March EXHIBITIONS

OPening: 6th of March 5:30pm, artist talks at 6pm

7th - 23rd March 2019


Seeking composure in the acceleration of the technological world, I must rely on my ability to receive the overwhelming influx of information and order it, to detect unexpected fits and simple satisfactions that vibrate amidst the complexity.

When being exposed to simple situations that see objects combined in harmonious configurations that don’t concede to the contexts that our past would place them in, our expectations are challenged about how things relate to one another and we are forced to restructure our understandings.

‘Simple actions/sensory satisfactions in the unrest’ employs discreet coincidences of ‘the fit’ and pleasing points of interconnectedness, by fabricating them into simplified physical entities, offering totems to hold onto, amusingly vibrating through a dynamic exchange of order and chaos.

Image: adjusting my position (still) (detail), 2019, chair parts, embroidery hoop, mini broom, net, 12V reversible gear head DC motor, dimensions variable


Over the last 10 000 years, human’s relationship with bees has dramatically altered. Once regarded with awe and reverence, the relationship has changed from one of symbiosis to that of exploitation. 

The ancient wisdom of human’s connection with bees underpins this work by exploring the visceral experience of the human/bee relationship and the significance of vibration in this connection. 

Engaging the chandelier as a recognised symbol of wealth, beauty and luxury, Rebecca McEwan has painstakingly gathered honey from beekeepers to fill glass vessels to build the chandelier. Each vessel representing 2-3 bee’s life time’s work, asking us to question the value we place on honey and the existence of bees in our delicate ecosystem.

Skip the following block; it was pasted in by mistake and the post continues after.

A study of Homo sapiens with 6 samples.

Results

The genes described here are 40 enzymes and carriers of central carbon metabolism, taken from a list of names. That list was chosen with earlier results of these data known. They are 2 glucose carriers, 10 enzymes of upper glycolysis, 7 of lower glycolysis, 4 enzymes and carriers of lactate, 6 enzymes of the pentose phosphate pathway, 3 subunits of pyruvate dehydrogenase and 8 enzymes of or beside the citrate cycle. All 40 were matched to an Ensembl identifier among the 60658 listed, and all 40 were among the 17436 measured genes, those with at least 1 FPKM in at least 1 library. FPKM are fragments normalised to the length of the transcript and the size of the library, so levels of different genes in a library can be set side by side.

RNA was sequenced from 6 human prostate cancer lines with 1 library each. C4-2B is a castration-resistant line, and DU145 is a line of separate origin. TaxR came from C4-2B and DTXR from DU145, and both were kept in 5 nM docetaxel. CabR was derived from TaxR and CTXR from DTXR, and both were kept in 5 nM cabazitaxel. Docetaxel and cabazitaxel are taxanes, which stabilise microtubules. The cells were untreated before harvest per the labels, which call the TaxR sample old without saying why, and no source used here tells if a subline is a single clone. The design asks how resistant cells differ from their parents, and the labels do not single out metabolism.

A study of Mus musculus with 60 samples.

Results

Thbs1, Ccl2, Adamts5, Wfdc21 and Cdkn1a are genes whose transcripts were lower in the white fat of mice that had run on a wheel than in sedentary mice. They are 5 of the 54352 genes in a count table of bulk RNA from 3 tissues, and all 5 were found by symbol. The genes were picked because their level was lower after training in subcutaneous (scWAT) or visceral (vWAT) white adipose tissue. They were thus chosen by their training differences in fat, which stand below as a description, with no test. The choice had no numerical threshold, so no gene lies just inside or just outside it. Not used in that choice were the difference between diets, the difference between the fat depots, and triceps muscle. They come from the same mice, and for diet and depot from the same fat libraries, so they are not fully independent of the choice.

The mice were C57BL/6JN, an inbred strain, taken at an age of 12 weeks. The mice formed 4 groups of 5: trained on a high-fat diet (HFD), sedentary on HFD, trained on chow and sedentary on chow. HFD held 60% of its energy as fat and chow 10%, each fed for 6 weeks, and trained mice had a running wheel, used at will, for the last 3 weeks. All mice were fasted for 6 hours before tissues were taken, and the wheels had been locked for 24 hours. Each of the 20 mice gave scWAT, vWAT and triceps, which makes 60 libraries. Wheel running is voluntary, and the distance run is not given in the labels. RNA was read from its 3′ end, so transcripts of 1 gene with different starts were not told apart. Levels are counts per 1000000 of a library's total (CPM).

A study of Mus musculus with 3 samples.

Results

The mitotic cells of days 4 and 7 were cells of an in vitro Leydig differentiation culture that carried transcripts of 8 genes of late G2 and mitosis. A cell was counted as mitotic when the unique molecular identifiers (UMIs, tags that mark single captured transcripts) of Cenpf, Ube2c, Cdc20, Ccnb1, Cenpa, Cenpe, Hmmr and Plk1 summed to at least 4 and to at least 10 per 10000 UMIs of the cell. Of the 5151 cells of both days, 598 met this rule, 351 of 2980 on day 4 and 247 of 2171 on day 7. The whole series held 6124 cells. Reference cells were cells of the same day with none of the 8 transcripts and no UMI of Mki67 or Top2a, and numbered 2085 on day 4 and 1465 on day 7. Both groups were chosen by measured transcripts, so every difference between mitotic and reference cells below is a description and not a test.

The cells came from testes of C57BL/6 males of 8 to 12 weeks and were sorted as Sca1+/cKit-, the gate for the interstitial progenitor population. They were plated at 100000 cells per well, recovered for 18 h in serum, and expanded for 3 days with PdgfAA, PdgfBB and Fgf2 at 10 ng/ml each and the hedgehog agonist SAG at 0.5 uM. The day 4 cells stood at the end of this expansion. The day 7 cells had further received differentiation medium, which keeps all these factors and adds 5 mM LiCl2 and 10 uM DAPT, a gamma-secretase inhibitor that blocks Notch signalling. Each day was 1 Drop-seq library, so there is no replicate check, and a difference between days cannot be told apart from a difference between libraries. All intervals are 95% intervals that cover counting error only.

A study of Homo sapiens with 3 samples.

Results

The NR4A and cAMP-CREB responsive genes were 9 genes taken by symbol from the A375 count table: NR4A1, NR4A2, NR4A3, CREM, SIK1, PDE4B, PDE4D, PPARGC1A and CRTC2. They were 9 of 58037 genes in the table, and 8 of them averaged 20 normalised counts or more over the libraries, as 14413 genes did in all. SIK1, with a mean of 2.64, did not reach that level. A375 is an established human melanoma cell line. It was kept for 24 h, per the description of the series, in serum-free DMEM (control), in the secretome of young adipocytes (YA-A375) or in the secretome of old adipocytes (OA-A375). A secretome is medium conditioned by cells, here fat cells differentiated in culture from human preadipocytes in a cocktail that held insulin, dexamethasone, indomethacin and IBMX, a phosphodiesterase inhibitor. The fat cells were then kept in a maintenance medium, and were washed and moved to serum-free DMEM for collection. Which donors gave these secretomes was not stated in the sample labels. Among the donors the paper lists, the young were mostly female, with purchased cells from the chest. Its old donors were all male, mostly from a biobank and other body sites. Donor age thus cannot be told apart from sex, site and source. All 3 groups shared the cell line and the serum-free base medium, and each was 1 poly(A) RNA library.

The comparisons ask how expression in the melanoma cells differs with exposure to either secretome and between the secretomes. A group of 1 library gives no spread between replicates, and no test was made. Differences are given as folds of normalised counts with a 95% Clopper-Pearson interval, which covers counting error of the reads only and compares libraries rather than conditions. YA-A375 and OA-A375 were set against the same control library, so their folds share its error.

Supporting the work is the intoxicating soundscape of the human voice practicing Bhramari Pranayama (humming bee breath). The yogic breathing technique Bhramari Pranayama derives its name from Sanskrit for black Indian bee, Bhramari is a recognised technique for calming and clearing the mind. 

Soundscape created with the assistance of sound artist and composer Tristan Louth-Robins 

This work is generously supported by Helpmann Academy 

Image: Fragile nature, study for work, Photo credit -  Lee Walters


FELTDARK
India Kenning (SA) 
Pent Up Rage

India Kenning has a multidisciplinary practice, creating hybrid forms of movement and sound, she works to accumulate energies and create a sense of presence. Drawing on personal and philosophical theories of the body, she examines it as a separate entity to the self. Navigating the body’s own modes and rhythms, while intervening within it’s unknown internal spaces. Pent Up Rage examines the subjection to surveillance through momentary riot. Picking apart the unsettling means to be surveyed and its disruptions to a linear cycle. The body- as an armour to protect the fragility of the soul- is attacked and violated, cutting up the flesh that protects it and allowing the core to lay limp.

 Nothing is pure, nothing is sacred, don’t think about it. 

Through the form of fragmented image and aggressive noise, I release an anger foreign to myself, spitting it out in dribs and drabs. Forcing the audience to survey the surveyed, I concentrate their energy inward, creating an intimate rhythm that flashes before them.